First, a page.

AI News, Recent Reports Make Machine Learning Sound Like a Sport. It isn’t

Recent Reports Make Machine Learning Sound Like a Sport. It isn’t

News that Baidu, the Google of China, cheated to take the lead in an international competition for artificial intelligence technology has caused a storm among computer science researchers.

The Imagenet Challenge is a competition run by a group of American computer scientists which involves recognising and classifying a series of objects in digital images.

In their paper about the submission, Baidu themselves weren’t claiming anything more than an engineering advance: they built a large supercomputer that could handle more data than previous implementations.

A necessary advance, but very much a “scaling up” of existing solutions – one that would be financially outside the reach of a typical academic research group.

They produced the machine learning equivalent of the high jump’s “Frosbury Flop” to win the 2012 version of the competition with such a significant improvement that all leading entries are now derived from their model.

The “cheating scandal” was labelled as such by the very same prestigious technical publication that broadcast the initial results to its readers within two days of the e-print’s publication: MIT Technology Review.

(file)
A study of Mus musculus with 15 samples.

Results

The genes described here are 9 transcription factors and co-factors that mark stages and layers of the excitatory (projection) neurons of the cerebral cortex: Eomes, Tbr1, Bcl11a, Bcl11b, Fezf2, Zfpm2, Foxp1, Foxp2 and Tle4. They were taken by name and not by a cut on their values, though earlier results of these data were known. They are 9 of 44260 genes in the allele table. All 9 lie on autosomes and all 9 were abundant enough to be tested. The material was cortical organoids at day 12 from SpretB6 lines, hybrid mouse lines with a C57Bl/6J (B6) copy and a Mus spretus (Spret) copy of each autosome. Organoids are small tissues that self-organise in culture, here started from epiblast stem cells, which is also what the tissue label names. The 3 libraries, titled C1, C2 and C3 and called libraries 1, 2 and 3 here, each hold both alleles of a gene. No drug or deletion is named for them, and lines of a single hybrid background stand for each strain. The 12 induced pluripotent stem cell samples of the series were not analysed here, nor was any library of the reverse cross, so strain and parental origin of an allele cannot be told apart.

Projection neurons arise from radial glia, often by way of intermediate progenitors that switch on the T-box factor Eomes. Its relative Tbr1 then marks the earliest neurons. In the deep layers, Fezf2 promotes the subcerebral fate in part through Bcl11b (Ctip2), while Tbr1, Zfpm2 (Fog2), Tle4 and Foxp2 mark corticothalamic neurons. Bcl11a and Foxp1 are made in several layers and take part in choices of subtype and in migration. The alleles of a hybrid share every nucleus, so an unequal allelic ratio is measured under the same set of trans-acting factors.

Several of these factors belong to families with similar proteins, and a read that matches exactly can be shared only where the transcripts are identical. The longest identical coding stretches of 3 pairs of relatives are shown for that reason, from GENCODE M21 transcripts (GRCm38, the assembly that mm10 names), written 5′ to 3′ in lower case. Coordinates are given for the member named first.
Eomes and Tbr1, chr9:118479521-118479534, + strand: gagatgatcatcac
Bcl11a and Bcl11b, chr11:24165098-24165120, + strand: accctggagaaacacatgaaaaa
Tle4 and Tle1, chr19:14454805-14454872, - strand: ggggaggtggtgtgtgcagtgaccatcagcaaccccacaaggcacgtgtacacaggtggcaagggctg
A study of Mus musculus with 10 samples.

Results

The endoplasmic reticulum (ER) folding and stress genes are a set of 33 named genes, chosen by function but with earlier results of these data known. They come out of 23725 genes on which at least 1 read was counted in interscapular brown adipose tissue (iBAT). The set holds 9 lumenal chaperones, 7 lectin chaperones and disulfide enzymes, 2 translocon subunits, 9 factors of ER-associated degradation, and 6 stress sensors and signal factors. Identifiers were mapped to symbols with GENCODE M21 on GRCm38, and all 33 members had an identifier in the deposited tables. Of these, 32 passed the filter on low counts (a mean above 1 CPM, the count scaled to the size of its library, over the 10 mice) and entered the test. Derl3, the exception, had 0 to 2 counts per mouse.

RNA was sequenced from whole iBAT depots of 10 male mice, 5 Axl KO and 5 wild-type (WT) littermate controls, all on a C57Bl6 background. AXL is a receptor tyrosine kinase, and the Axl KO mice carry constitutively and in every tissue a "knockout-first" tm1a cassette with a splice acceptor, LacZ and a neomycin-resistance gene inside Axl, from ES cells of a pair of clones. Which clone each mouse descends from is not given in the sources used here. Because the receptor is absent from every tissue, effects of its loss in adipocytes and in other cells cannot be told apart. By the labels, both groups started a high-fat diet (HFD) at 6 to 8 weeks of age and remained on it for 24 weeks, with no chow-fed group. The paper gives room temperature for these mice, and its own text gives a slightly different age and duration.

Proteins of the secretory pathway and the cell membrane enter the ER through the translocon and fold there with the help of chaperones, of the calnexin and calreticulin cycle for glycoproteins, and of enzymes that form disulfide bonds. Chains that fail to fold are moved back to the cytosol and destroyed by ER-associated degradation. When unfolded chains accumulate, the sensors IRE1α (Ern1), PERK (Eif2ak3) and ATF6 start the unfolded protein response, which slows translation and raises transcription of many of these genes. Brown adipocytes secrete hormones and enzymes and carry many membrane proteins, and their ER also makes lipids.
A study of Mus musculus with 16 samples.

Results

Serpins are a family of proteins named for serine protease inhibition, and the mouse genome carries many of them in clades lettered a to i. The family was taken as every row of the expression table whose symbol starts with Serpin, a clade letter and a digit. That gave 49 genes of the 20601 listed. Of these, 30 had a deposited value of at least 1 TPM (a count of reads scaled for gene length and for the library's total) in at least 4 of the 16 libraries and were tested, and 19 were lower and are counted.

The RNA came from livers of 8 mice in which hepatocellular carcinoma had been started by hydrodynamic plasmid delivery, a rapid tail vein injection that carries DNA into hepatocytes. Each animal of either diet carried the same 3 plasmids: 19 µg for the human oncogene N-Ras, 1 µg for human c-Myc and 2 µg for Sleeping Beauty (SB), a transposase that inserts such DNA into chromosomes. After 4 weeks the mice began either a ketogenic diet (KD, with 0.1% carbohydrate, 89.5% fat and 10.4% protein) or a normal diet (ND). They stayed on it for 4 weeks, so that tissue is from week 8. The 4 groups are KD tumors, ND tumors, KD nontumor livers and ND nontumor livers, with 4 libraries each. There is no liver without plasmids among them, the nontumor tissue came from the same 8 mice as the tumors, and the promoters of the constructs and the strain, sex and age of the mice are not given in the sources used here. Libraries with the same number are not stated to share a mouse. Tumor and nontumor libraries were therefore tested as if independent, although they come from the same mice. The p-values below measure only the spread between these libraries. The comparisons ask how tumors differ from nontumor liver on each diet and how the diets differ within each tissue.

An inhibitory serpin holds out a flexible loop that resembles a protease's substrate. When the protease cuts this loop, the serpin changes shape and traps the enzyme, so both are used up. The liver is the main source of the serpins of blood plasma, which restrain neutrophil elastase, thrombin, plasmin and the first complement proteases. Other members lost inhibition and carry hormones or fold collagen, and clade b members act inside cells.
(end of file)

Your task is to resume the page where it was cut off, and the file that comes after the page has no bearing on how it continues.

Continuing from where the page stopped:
Singling out MIT Technology Review in this case may be a little unfair, because this is part of a wider phenomenon where technical results are trumpeted in the press before they are fully tasted (let alone digested) by the scientific community.

Of those researchers involved in CIFAR, Hinton has been hired by Google, Yann LeCun leads Facebook’s AI Research team, Andrew Ng heads up research at Baidu and Nando de Freitas was recently recruited to Google DeepMind, the London start-up that Google lavished £400m on acquiring.

The technical press is becoming susceptible to tabloid sensationalism in this area, but who can blame them as companies and universities ramp up their claims of scientific advance?

But the very real danger is that expectations of significant advance or misunderstanding of the underlying phenomenon will bring about an AI bubble of the type we saw 30 years ago.

It did not merit a pre-publication announcement in MIT Technology Review and the pre-publication withdrawal should have been just a footnote to add to the diverse collection that keep all astute academics scientifically wary.